LONDON, 31 July (
But first of all, British scientists can cheer. With a 15% increase in the science budget last year, and a recent commitment to a further 7% a year for the next three years, this government has shown its scientific colours [see BioMed Central article Devil's in the detail of UK science boost]. It is in favour of science — at least, if it leads to innovation. Its commitment, including a £4 million per annum salary top-up fund for attracting and keeping 50 top scientists in Britain, with the support of the Wolfson Foundation, has been broadly welcomed by chiefs of the UK research councils and many others, and may be read in full in the White Paper.
The hard part, the Government fears, is going to be convincing the public that 'Science is good for you'. The White Paper sets out this issue loud and clear: "The Government is committed to learning the lessons from recent controversies over BSE and genetically modified food... We will create a robust and transparent framework to address consumer concerns over safety. When the applications of science are properly regulated and address clear human needs, they win public support. Science is threaded through every aspect of our lives. That is why Britain will succeed as a 21st century nation only if it has a confident relationship with science. And that is what this White Paper aims to make possible."
Stephen Byers, UK Trade & Industry Secretary, in introducing the White Paper last week, summed up the position this way: his Government is "building a dynamic knowledge economy in the UK: investing in scientific excellence, increasing opportunities for innovation, and providing a basis for public trust in science. By putting these building blocks in place we can harness the full potential of science to improve the quality of life for everyone in Britain... But consumers will only buy new products which they trust... People rightly expect proper safeguards against potential public risks and full information on the implications of scientific developments. Proposals in this White Paper will introduce a framework of proper safeguards, information and accountability, providing the public trust which scientific developments must secure in order to benefit society."
The only trouble is that on this matter of safeguards, information and accountability the White Paper is not as far-reaching as many would have liked. The White Paper was drafted in large part by a civil servant who had long and troubled experience with public controversy in the Nuclear Installations Inspectorate. She told
Over at the (independent) BSE Inquiry secretariat a spokeswoman explained that "the complexity of the story, involving 10 years of history and five government departments, with 300 witnesses and 1000 statements" had made a delay in publication — after two years evidence taking — inevitable. But the forthcoming report will "draw attention to the lessons to be learned" about how scientists operate within government, and about the independence of their advice, she said. "There will be whole sections dealing with scientists and what can be expected of them."
Thus the draftees of the White Paper were unable to be too specific about science and the public. But the paper does make a commitment to openness: "The public framework for assessing risks must be open to public scrutiny at every stage. As a society we can no longer, if we ever could, expect people to trust blindly in Government and scientists to get it right. Consumers will feel confident only if risks from new technologies are questioned and challenged in an open and informed way."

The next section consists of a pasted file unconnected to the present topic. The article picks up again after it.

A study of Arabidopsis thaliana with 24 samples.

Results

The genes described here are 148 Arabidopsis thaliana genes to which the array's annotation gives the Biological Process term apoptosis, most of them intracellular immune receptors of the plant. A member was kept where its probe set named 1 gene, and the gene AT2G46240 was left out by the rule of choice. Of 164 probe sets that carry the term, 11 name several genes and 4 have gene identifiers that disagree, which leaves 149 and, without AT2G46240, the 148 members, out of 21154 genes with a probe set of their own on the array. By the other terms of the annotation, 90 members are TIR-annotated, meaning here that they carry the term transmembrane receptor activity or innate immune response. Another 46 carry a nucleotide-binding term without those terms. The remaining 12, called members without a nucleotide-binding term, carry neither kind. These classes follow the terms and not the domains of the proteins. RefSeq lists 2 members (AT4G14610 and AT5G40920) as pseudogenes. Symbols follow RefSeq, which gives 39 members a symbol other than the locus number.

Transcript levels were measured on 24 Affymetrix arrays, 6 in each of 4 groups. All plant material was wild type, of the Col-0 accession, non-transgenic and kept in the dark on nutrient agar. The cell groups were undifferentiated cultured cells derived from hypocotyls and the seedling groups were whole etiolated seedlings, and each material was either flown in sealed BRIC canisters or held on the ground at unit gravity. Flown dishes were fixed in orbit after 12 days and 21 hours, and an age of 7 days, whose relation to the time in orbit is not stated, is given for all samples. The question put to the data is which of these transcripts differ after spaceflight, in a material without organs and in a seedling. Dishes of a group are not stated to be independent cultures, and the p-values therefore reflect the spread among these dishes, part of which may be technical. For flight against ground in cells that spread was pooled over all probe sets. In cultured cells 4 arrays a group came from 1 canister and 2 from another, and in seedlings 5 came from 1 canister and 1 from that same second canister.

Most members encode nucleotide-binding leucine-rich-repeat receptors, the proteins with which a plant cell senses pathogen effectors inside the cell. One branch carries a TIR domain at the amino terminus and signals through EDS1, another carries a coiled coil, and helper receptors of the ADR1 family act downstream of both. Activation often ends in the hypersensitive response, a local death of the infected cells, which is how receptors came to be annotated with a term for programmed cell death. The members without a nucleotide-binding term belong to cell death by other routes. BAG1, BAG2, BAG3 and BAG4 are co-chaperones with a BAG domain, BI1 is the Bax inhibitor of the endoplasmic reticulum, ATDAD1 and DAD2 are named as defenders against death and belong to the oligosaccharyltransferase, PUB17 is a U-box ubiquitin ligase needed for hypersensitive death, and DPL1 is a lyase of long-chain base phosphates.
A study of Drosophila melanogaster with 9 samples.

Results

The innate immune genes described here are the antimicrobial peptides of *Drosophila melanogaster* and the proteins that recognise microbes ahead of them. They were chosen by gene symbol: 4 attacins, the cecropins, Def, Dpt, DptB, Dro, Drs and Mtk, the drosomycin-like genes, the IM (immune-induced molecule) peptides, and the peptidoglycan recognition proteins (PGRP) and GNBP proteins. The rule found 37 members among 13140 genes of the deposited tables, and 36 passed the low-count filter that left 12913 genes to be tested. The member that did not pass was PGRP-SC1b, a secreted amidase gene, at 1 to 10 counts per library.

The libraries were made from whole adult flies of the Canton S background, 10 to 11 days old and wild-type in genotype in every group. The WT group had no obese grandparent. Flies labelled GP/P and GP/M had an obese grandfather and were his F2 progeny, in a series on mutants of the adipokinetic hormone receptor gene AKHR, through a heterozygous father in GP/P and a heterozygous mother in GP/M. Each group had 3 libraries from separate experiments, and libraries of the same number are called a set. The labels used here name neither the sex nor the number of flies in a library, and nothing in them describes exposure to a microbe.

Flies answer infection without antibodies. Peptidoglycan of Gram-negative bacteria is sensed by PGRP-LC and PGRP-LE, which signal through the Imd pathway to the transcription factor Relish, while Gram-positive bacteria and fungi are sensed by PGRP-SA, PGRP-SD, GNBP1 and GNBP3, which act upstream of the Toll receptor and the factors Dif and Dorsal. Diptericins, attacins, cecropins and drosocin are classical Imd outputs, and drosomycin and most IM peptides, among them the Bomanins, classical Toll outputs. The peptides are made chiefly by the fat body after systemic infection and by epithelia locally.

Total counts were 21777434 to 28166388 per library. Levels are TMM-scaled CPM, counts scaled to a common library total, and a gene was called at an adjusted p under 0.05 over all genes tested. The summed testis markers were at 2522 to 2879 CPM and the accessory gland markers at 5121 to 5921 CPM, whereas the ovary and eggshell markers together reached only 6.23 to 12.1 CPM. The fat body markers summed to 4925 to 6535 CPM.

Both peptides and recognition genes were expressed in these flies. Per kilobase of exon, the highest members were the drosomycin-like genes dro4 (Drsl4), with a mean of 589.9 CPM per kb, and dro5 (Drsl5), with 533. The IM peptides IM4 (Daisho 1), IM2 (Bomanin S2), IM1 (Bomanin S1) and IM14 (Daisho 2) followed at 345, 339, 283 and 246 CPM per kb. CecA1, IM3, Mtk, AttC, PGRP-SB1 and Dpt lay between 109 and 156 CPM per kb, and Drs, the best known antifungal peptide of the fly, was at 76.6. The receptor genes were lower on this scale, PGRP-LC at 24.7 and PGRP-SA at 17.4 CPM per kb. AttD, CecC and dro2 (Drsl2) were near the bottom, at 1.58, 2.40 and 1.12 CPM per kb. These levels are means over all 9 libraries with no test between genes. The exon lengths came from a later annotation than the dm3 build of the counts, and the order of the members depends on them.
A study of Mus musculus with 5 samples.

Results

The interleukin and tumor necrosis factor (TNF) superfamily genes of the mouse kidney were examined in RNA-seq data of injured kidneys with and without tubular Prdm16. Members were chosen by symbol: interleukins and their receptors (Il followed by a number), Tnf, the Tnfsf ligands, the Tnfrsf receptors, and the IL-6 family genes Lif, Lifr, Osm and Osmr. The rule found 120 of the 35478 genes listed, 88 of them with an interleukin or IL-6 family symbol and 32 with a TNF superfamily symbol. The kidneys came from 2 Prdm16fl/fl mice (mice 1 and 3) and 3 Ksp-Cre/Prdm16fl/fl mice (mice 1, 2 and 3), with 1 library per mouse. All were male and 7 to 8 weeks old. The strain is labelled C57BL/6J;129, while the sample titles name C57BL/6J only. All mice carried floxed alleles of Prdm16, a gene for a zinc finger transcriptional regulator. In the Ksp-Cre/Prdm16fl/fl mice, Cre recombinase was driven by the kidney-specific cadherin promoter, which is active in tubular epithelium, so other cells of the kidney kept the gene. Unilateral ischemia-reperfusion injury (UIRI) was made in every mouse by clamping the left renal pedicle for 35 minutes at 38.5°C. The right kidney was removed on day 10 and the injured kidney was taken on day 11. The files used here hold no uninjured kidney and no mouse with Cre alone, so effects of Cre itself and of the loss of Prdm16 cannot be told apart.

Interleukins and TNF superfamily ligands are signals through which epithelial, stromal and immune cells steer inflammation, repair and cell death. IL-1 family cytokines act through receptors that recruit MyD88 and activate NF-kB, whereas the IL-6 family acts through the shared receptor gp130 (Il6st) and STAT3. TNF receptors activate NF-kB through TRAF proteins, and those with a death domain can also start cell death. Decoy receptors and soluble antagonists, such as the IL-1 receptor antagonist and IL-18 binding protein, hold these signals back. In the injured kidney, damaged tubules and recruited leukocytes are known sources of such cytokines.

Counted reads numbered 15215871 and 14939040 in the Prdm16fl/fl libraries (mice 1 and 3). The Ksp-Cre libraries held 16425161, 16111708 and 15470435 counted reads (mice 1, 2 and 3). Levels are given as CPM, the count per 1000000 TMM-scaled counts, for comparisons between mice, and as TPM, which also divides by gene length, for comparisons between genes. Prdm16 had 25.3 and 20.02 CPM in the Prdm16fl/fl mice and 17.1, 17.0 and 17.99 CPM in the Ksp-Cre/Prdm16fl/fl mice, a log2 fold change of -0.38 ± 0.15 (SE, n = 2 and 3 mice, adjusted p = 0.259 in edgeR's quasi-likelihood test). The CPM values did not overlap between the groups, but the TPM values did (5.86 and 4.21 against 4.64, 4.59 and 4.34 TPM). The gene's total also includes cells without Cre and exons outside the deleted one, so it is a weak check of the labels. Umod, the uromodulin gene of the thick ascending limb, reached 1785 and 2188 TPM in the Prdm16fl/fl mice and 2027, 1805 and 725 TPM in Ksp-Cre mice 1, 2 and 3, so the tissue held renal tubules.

"There is perhaps no more critical example of this than the development of new products and medicines from the sequencing of the human genome," the White Paper emphasises. "We must press ahead with that work, but do so in a way that delivers clear benefits to people and which gives priority to people's health and safety."
The White Paper then makes a final summary of its commitments. These are:
• Support for the basic research: this is one of our key priorities for the next three years;
• Strong regulatory control, through the Medicines Control Agency, the Medical Devices Agency and the Gene Therapy Advisory Committee, and others;
• Careful attention to the views of all the stakeholders, through the Human Genetics Commission;
• Constructive partnership with industry. That means a commitment to wide dissemination of basic data, as shown through the successful international collaboration on the Human Genome Project, while providing the conditions for industry to invest and innovate;
• Action to harness the potentially enormous impact and benefits of gene science on future healthcare by developing a strategy for service provision in the National Health Service. This will tackle questions like genetic testing, counselling and the best use of emerging therapies.
But "Public trust is vital to innovation," the White Paper says. "That trust is easily lost and hard to win back. People in Britain generally support science and innovation. However, the recent controversies over BSE and genetically modified foods show that the public are also concerned about risks, particularly when they involve food and health. We must not dismiss these worries, nor get them out of hand. Were a climate of distrust to build up around science, it could drive scientists away from the UK and in the long run impoverish us."
The deeper question, though, which the White Paper emphatically does not address, is the debasement of language in which 'science' these days must always be read to mean 'technology'. Whereas the public might always have trusted a scientist to say honestly whether he or she thought the Moon was made of green cheese, a very different attitude prevails when the scientist is claiming the green cheese he or she — or his or her colleagues — have engineered, and patented, is safe.